I’ve written a fantasy novel where the protagonist and supporting characters are in their teens. Some people have told me it’s adult and some have told me it’s YA. I’ve looked for a solid definition online, but haven’t really found one. What makes a book YA?


Dear FantasyWriter82,

This is a hotly debated topic among people in the biz and in particular, writers, who tend to rebel against the need to box their work into a neatly branded package. I’ve read the commentary out there about what makes a book YA, and rather than give you a concrete definition, I’ll offer my viewpoint on what I believe are the conventions most YA books have in common:

  • Stories written for and marketed at teenagers;
  • Tight narrative that spans a shortish time period (1 day to 1 year);
  • Teen protagonist who determines their own destiny through the choices they make (the teen is active rather than passive);
  • Character arc where some growth is involved, whether it’s “coming of age” or otherwise;
  • Limited sex and swearing (there are books who break this rule, but in YA there are several gatekeepers—teachers, librarians, parents—which often dictate what content is permissible.)

I feel compelled, also, to list some things that make YA awesome, if not uniquely YA:

  • Any and all genres welcome (romance, horror, dystopia, etc.);
  • Fast pacing with real conflict and stakes;
  • Narrative styles that take risks;
  • Stories that feel immediate and authentic;
  • Books that push boundaries—societal, thematic, literary and otherwise.

With regard to your own novel, the main question to ask yourself is, did you write it with a YA reader in mind? That might help you determine whether or not your book is indeed, YA.

Good luck!


(Readers, do you have your own conventions or rules you live by when writing YA? Share them in your comments below!)


I’ve written my first book and I’m looking for an agent to represent me. Do you have any advice on how I go about it?


Dear Agentless,

In a word, RESEARCH. Nowadays, most agencies have a website with their staff listed online. In most lit agent bio’s there is a section on what types of projects they are looking for and whether or not they are “open” to queries.

Most agencies/agents also have a standard query procedure explained on their website for what to include in your query, including details like subject line so that your query doesn’t go to spam. Some agents want a query letter only, some want your letter plus pages, and some want the whole manuscript. It’s IMPERATIVE that you read these guidelines and follow them to the letter.

Additionally, just as when embarking on a relationship in real life, it helps to research the agent you are querying to find out what deals they’ve brokered in the past and who they represent. PublishersMarketplace.com is an excellent resource for that.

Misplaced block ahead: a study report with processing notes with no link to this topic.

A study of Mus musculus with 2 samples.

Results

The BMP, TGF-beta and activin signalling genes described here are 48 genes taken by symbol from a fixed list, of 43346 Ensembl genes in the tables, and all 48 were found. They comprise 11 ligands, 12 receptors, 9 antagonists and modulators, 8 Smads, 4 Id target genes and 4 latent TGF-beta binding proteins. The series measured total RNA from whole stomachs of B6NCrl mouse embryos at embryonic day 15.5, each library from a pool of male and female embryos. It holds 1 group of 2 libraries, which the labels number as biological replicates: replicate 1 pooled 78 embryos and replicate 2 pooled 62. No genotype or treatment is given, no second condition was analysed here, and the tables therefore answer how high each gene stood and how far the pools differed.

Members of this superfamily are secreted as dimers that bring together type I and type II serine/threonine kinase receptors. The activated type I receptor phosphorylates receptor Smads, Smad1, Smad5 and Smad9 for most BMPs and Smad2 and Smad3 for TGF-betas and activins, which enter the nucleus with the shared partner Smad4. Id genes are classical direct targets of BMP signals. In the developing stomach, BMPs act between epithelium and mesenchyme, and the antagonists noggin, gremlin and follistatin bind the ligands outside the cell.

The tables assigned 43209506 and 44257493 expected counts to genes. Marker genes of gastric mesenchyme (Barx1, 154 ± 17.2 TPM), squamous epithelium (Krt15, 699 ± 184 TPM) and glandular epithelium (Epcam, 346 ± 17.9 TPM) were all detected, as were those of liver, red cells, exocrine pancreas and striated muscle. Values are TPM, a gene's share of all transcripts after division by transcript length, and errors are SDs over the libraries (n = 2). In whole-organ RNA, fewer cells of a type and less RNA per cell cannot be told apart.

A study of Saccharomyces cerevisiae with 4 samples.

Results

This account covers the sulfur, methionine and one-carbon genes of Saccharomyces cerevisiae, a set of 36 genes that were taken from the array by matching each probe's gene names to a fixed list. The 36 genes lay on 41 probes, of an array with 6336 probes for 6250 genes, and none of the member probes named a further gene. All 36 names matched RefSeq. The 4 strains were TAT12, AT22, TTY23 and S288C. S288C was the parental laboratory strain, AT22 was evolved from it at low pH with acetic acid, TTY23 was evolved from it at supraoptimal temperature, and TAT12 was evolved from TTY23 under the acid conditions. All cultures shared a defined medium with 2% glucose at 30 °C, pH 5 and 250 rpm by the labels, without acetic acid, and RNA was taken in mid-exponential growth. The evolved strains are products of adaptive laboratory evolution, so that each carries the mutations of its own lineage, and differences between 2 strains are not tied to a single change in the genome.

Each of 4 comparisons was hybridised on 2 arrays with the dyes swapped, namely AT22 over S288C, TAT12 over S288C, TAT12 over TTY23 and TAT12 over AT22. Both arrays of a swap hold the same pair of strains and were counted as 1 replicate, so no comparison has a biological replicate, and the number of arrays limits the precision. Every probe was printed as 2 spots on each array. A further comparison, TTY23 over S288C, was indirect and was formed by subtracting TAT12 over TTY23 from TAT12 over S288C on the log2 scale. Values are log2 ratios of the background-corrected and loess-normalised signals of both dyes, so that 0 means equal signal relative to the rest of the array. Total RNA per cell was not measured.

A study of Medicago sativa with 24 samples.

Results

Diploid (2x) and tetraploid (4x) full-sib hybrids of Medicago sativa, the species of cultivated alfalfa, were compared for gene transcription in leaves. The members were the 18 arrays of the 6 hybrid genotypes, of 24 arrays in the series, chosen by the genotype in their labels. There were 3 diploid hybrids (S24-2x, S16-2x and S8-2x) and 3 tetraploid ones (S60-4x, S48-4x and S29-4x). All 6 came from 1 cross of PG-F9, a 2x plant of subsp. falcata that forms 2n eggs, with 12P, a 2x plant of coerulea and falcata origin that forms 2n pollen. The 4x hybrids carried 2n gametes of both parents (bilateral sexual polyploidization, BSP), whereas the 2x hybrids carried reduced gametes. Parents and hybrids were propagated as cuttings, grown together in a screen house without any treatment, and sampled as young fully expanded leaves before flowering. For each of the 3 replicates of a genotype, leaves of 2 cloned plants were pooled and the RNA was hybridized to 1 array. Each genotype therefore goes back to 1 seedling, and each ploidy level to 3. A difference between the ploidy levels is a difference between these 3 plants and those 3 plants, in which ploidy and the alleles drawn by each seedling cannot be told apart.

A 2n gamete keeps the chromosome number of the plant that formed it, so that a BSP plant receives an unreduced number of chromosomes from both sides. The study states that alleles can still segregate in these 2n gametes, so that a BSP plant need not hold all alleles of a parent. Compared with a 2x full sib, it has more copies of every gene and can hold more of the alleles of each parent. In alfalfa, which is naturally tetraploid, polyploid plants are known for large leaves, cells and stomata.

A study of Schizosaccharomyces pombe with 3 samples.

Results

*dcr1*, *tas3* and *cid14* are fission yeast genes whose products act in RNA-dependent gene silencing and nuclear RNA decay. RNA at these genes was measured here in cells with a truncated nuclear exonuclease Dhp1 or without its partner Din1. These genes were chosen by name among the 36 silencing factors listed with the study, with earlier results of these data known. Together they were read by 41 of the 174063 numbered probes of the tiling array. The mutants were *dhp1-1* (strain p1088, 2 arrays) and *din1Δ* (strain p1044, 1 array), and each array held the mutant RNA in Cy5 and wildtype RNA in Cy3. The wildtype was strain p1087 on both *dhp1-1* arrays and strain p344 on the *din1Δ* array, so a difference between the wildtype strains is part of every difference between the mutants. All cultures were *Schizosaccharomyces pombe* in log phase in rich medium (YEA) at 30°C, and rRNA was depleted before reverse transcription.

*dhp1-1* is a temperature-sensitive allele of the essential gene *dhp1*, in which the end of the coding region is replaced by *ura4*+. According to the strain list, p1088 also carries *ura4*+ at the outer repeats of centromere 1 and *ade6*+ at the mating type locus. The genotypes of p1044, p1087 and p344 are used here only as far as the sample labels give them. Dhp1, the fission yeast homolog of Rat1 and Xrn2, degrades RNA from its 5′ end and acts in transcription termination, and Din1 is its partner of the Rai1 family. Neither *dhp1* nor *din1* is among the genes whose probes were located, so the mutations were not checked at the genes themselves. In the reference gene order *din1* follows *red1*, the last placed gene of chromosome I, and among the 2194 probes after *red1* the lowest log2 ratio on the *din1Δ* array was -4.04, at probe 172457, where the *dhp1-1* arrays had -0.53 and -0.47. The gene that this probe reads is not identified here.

Finally, and perhaps I should have started with this, make sure you have a standout query letter, which includes:

  • Title of your project
  • Word count and genre
  • Your name
  • A short and compelling pitch/synopsis of what your story is about
  • Similar works, if applicable
  • If relevant, professional background that qualifies you as the writer–keep it brief!

Have a few writer friends look over your query letter and give you feedback before sending. Make sure there are no typos or grammatical errors and DOUBLE CHECK that you’ve addressed the literary agent by the correct name.

Once your responses start coming in, log them in a spreadsheet so you can keep track of whom you’ve queried and what their response was. There are also a variety of online tools available, including QueryTracker.net, that can help with this process. Most replies fall into one of four categories:

  • Flat-out rejections (usually by form email)
  • Rejections with feedback
  • Requests for more pages
  • Request for a call to talk about representation

For those agents who reject your project but give constructive feedback, take careful notes and if the overall tone of their email is positive, ask them if they’d be open to you querying them again after you’ve revised.

Above all else, always be polite and professional because the publishing world is a very small world indeed. Remember, it is not you as a person or even you as a writer being rejected, it is a very specific project that does not appeal to a very specific agent, many times for reasons that are out of your control.

Rejections are a sign that you’re putting yourself out there, which is half the battle.

Good luck!


Laura LascarsoHeadshotWebFinal is the author of two YA novels, COUNTING BACKWARDS (2012) and RACING HEARTS (2015). If you have a burning YA question you’d like answered, tweet it to @lauralascarso with #DearLaura or include it in the comments below.